Friday, October 16, 2009

Bardwell, I'm Calling Your Bluff

As I am sure many of you have heard by now, an interracial couple in Louisiana was denied a marriage license. Apparently, for justice of the peace Keith Bardwell, the ruling in Loving v. Virginia means nothing.

Outside of how disturbing it is to think this level of racism still exists today, what is even more upsetting is the ‘reasoning’ behind this decision.

Bardwell, justice of the peace in Tangipahoa Parish, says that he is not racist and in facts performs many ceremonies for black couples. However, he claims to have denied Beth Humphrey and Terrence McCay the right to marry for “the children’s sake.”

"I don't do interracial marriages because I don't want to put children in a situation they didn't bring on themselves…In my heart, I feel the children will later suffer." Bardwell asserts that offspring of interracial relationships are neither accepted by the black community nor the white community and thus are faced with an identity crisis and lack of belonging (the situation Bardwell, apparently, is working to avoid.)

First of all, what child doesn’t experience some sort of identity crisis along the way? Whether it is about your racial identity, your sexual identity, political identity, or anything else, most people experience some sort of identity crisis during their lifetime; it’s how we shape and discover who we are.

Secondly, you may have "piles" of black friends, but that doesn't mean you're not racist. Bardwell's actions in the case are clearly racially motivated; he is denying this couple the right to marry because of their race. It's a little concerning that Bardwell doesn't see how racist this actually is.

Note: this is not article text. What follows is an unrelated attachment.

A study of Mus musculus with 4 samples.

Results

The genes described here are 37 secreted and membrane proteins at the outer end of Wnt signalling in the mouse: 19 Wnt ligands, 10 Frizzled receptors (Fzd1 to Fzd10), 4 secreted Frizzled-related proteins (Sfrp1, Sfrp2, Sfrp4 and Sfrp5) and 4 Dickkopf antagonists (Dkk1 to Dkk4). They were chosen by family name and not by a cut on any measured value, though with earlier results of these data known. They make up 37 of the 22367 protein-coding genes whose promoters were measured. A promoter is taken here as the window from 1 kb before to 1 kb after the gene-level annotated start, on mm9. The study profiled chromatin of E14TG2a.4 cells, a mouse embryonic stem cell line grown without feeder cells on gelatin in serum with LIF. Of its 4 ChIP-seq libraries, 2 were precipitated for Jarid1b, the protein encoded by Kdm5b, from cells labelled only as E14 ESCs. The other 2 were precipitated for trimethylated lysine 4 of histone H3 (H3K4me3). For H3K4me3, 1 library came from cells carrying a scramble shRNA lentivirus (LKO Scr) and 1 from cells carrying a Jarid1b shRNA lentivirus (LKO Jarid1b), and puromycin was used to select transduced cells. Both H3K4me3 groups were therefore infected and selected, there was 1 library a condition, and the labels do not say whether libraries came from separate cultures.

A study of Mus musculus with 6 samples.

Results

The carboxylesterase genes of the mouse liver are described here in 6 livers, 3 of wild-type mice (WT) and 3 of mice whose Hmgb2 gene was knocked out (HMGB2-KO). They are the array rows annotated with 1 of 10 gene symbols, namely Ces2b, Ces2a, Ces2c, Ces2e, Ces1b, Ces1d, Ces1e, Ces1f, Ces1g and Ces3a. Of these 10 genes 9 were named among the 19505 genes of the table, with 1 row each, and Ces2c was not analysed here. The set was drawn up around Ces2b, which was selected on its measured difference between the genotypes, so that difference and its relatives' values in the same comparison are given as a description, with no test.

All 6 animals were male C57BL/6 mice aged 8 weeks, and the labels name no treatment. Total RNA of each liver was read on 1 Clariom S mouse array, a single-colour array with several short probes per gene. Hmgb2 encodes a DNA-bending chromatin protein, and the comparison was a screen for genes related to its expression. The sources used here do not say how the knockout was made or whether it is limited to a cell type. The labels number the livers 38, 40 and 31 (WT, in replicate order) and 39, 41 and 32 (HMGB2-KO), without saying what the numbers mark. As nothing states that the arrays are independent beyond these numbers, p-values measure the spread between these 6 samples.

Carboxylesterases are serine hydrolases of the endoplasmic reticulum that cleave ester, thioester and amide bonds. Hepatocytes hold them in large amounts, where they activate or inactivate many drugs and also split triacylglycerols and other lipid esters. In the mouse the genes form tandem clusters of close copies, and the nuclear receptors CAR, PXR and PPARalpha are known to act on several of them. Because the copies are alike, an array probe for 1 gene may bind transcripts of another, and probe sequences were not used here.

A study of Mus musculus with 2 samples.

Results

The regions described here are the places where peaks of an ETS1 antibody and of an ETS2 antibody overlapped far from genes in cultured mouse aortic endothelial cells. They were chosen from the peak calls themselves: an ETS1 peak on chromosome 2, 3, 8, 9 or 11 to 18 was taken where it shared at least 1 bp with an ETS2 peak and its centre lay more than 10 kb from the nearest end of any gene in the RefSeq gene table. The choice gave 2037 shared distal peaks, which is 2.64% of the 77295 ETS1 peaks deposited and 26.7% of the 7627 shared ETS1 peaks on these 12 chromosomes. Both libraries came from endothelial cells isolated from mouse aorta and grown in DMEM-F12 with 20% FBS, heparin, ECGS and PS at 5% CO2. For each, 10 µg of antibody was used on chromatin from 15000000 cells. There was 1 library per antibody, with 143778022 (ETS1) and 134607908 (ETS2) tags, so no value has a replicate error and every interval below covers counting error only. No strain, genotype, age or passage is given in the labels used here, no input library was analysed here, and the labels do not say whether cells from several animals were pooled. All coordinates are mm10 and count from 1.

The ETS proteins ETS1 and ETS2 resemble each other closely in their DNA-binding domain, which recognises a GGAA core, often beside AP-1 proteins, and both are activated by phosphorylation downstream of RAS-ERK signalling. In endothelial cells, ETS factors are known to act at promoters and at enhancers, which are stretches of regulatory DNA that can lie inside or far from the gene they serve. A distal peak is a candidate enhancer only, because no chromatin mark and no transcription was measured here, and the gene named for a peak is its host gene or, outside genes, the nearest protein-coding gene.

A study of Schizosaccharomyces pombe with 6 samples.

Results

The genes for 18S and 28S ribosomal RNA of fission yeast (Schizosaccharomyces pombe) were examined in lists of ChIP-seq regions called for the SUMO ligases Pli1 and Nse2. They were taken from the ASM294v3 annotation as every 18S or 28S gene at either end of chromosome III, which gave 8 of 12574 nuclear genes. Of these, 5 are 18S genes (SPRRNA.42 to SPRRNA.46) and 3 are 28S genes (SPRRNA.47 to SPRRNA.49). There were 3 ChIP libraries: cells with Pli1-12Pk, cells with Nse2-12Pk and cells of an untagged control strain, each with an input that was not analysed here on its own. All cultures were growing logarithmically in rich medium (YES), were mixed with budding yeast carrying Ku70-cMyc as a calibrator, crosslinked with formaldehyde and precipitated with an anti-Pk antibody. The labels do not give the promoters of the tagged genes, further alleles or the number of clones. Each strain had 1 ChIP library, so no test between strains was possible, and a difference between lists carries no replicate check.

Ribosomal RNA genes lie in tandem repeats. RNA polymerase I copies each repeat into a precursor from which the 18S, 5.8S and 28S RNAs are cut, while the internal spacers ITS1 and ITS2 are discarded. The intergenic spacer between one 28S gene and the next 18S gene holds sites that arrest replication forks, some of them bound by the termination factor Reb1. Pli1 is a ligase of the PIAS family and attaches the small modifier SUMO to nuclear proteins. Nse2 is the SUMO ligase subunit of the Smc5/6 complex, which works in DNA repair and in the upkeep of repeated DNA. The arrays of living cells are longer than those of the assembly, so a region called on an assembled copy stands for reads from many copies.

Finally, and most importantly, here is my question to Mr. Bardwell: Do you do background checks on all of the couples you marry? If his goal is to prevent children from growing up in difficult situations, then perhaps he should consider this option in order to be most effective.

There are far worse situations children can be in other than growing up with interracial parents and with a ‘mixed’ racial identity. What about growing up in an abusive household? Does Bardwell screen for that? Does he ask about family history with alcoholism or drug abuse? And how about finances, does he double check to make sure the couple will be able to afford a family?

The reason there is not background check is because it's not the state's business! People will marry who they want to marry, whether Keith Bardwell feels their relationship is appropriate or not. I don't know where he found the audacity to think he had more power than the Supreme Court to deny this couple a marriage license, or why he thought that his opinion actually mattered when it came to the raising of their children—potential children, if and when they choose to have them (which I’m sure he would have something to say about if he could)—but he got it wrong; it's comforting knowing that people like Bardwell can't get away with actions like these. Bardwell may choose to live forty years in the past, but the majority of this nation does not.